August 09, 2012
Shontarra Wilkins, a Defer Elementary fifth grader, sold a multitude of Girl Scout cookies during the 2012 selling season. Her sales of 3,000 boxes landed her in fourth place in the southeastern Michigan region.

That's a lot of cookies.



She found her cookie-buying customers everywhere.

"I set up cookie booths at our church, banks, grocery stores, my mom's job, the Frank Murphy Hall of Justice, the dog show and wherever my mom went she had cookies in her car," Wilkins said.

In her fourth year of selling the perennial favorites, Wilkins surpassed last year's sale by 1,000. Boxes sell for $3.50.

During her first year of being involved in the scouting program out of Greater Christ Baptist Church in Detroit, Wilkins sold more than 600 boxes. Following that first successful year, Wilkins said she set goals for herself.

"The second year, I sold over 1,000 boxes. Last year over 2,000 boxes," she said. "My top selling cookie this year was the Samoas. I probably sold close to 1,000 of them. The second top seller was Tag-A-Longs and I probably sold about 700 of them."

Wilkins said Tag-A-Longs are her favorite, which have a crunchy cookie and dollop of peanut butter encased in milk chocolate.

"I like selling Girl Scout cookies because I get to spend more time with my troop and all the cool prizes we earn," she said.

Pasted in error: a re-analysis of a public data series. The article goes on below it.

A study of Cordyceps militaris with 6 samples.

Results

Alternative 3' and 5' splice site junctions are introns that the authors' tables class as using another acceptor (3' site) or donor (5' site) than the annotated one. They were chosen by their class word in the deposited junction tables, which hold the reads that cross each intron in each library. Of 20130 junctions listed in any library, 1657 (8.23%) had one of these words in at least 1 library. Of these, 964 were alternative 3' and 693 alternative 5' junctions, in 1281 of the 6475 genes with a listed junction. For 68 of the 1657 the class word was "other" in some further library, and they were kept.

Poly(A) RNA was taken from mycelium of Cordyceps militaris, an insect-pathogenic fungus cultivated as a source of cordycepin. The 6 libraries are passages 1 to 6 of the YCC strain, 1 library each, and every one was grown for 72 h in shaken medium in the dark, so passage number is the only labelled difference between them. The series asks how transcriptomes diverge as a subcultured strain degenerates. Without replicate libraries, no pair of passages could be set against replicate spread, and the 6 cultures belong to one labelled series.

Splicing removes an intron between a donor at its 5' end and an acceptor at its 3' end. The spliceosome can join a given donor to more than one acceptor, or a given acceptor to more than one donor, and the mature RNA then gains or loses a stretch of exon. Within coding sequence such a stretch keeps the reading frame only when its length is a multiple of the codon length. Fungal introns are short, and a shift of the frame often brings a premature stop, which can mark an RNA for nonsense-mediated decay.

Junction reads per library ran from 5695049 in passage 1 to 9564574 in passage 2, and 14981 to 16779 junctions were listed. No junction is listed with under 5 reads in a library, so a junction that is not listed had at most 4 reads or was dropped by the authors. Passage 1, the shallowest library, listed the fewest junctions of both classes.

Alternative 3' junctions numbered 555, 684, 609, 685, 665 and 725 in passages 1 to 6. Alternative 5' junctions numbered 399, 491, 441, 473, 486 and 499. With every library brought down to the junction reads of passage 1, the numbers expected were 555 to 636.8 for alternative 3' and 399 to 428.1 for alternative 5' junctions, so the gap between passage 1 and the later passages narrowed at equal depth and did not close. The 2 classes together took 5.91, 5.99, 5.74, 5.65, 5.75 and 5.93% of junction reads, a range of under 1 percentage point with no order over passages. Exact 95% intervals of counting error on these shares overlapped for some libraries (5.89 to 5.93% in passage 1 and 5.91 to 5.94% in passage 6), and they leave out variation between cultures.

"Shontarra is not a natural sales girl," said Wilkins' mother, Trasonya Felton, who is the troop's co-leader. "She gets excited when she sees something she wants. For such a young girl, she shows great tenacity."

Director of Public Relations for Girl Scouts of Southeastern Michigan Yavonkia Jenkins said, Wilkins, like other top sellers, earn prize incentives such as trips to a local water park and electronics. Wilkins also earned camp credit to help her attend two Girl Scout camps in August. Money earned from cookie sales provides funds for troop activities.

The list of her prizes is lengthy:

* peace sign wall decoration,

* composition book and shoe pen,

* giraffe print duffel bag,

* two tickets to a local water park,

* Glamour girl soccer ball and sports bottle,

* fleece blanket with carry wrap,

* four Michigan Adventure Amusement Park & Wild Waterpark tickets and a $50 gift certificate,

* Nook eReader and a $100 gift certificate,

* $400 camp credit and

* $40 cookie dough (credit for Girl Scout merchandise).

The latter, Felton said, was spent on preparing for another year as a Junior Girl Scout, purchasing a book and scout clothing.

Wilkins was edged out by three boxes for the third place among 23,612 girls who participated in the campaign raising $8 million.

The top cookie-selling Girl Scout was Kayla Wright, 15, of Southfield, who sold 5,419 boxes; Alexandria Renaud, 14, of Dearborn Heights sold 3,348 boxes and Gabrielle Jarosz, 11, of Clinton Township, sold 3,003 boxes.